There's a U.S. presidential campaign bumper sticker making the rounds that at once purports to take advantage of free speech while at the same time devolving into racist taunting.
In an attempt to play on the word "renege," the bumper sticker shouts out "Don't Renege in 2012," only renege is deliberately misspelled to use a racial epithet. See how clever? The makers of the bumper sticker picked up on what they believed to be a double-entendre.
The problem, aside from the ugly racist undertone, is that the way the bumper sticker is worded, it actually seems to call on people not to reverse - not to renege on--the vote they made for Barack Obama in 2012. (There's small type on the bumper sticker that's more specifically anti-Obama, but who can read the small type from a car's length away?)
It's unclear if masses of people are actually putting these bumper stickers on their cars. The photo posted on Facebook, The Huffington Post and elsewhere all seem to feature the bumper sticker plastered on the back of a gray vehicle that also features a promotional decal for a well-known brand of shotgun.
People posting pictures of the bumper sticker are asking their readers and followers for their opinion. Or, as in the case of a friend whose post was the first I saw, they're just writing an observation like "Sigh" without further comment.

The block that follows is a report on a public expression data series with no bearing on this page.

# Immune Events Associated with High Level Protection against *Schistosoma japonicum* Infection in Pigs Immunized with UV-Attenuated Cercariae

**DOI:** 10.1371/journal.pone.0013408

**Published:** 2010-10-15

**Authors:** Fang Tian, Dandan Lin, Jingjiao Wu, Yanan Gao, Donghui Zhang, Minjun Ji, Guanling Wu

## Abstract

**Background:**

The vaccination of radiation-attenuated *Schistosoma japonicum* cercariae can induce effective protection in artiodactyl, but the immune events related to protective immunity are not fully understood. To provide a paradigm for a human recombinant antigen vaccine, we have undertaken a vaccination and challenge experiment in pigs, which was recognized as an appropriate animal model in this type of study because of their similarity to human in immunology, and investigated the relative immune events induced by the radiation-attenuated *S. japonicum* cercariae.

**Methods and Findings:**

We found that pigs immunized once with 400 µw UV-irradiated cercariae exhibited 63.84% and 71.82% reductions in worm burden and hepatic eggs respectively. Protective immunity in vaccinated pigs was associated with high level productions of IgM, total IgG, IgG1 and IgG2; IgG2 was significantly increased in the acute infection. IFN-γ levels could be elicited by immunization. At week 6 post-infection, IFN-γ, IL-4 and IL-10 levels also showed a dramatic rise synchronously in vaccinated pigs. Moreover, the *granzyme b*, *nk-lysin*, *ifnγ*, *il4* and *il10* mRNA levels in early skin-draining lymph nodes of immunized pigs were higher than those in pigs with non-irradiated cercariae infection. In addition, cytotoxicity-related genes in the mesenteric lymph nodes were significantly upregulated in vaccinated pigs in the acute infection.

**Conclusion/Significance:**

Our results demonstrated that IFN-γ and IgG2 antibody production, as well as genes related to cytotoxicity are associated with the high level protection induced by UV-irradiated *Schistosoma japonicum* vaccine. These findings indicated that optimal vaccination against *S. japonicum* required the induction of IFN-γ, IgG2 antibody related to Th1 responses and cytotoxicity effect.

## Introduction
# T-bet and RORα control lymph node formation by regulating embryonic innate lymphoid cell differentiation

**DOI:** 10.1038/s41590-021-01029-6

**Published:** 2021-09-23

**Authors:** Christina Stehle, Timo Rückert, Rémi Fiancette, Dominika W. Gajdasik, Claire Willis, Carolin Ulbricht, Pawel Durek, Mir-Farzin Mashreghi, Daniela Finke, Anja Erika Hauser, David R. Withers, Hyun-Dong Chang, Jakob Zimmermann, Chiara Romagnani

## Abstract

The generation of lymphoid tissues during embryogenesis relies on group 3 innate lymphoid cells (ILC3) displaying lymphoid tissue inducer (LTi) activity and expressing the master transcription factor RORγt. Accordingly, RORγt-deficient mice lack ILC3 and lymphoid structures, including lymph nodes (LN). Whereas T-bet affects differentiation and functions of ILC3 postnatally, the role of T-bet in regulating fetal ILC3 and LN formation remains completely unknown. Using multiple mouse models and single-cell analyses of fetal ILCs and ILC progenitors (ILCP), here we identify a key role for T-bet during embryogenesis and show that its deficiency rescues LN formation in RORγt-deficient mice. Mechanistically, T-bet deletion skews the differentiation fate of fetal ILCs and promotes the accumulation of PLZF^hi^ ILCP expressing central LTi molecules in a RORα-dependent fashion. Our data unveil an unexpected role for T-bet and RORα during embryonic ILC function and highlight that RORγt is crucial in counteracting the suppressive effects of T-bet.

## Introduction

One question that looms large is whether those who might see the bumper sticker should say something to the person who's placed it on his or her vehicle. Just as those using the bumper sticker have a right to free speech, surely others who find it offensive have an equal right to freely speak to how offensive they find the words.
So, what's the right thing to do?
If you harbor a strong feeling about just how offensive something is, the right thing to do is to speak up.
It's no different if you find yourself in a setting when someone offers a joke that is racist, sexist, anti-Semitic, homophobic or anything else that you believe goes against your core beliefs about what is appropriate discourse. If you don't find the joke funny, it's acceptable to tell the teller that you find such jokes offensive. Doing that upon the first telling (these jokes tend to come in multiples spread over time) establishes that while someone has a right to spew such stuff, you would prefer that he or she not do it in your company.
Those who display such bumper stickers should know that there are people who find them offensive.
Granted, the accompanying sticker for a shotgun manufacturer might give you some trepidation. So, use your judgment in deciding how you deliver your response.
My suggestion would be to let the motorist know - from a far-enough distance - that you don't plan to renege on your vote in 2012, that you do plan to change how you voted, or that you never voted for the fellow in the first place - but that regardless of your political leanings, racist language does little to advance whatever his cause might be.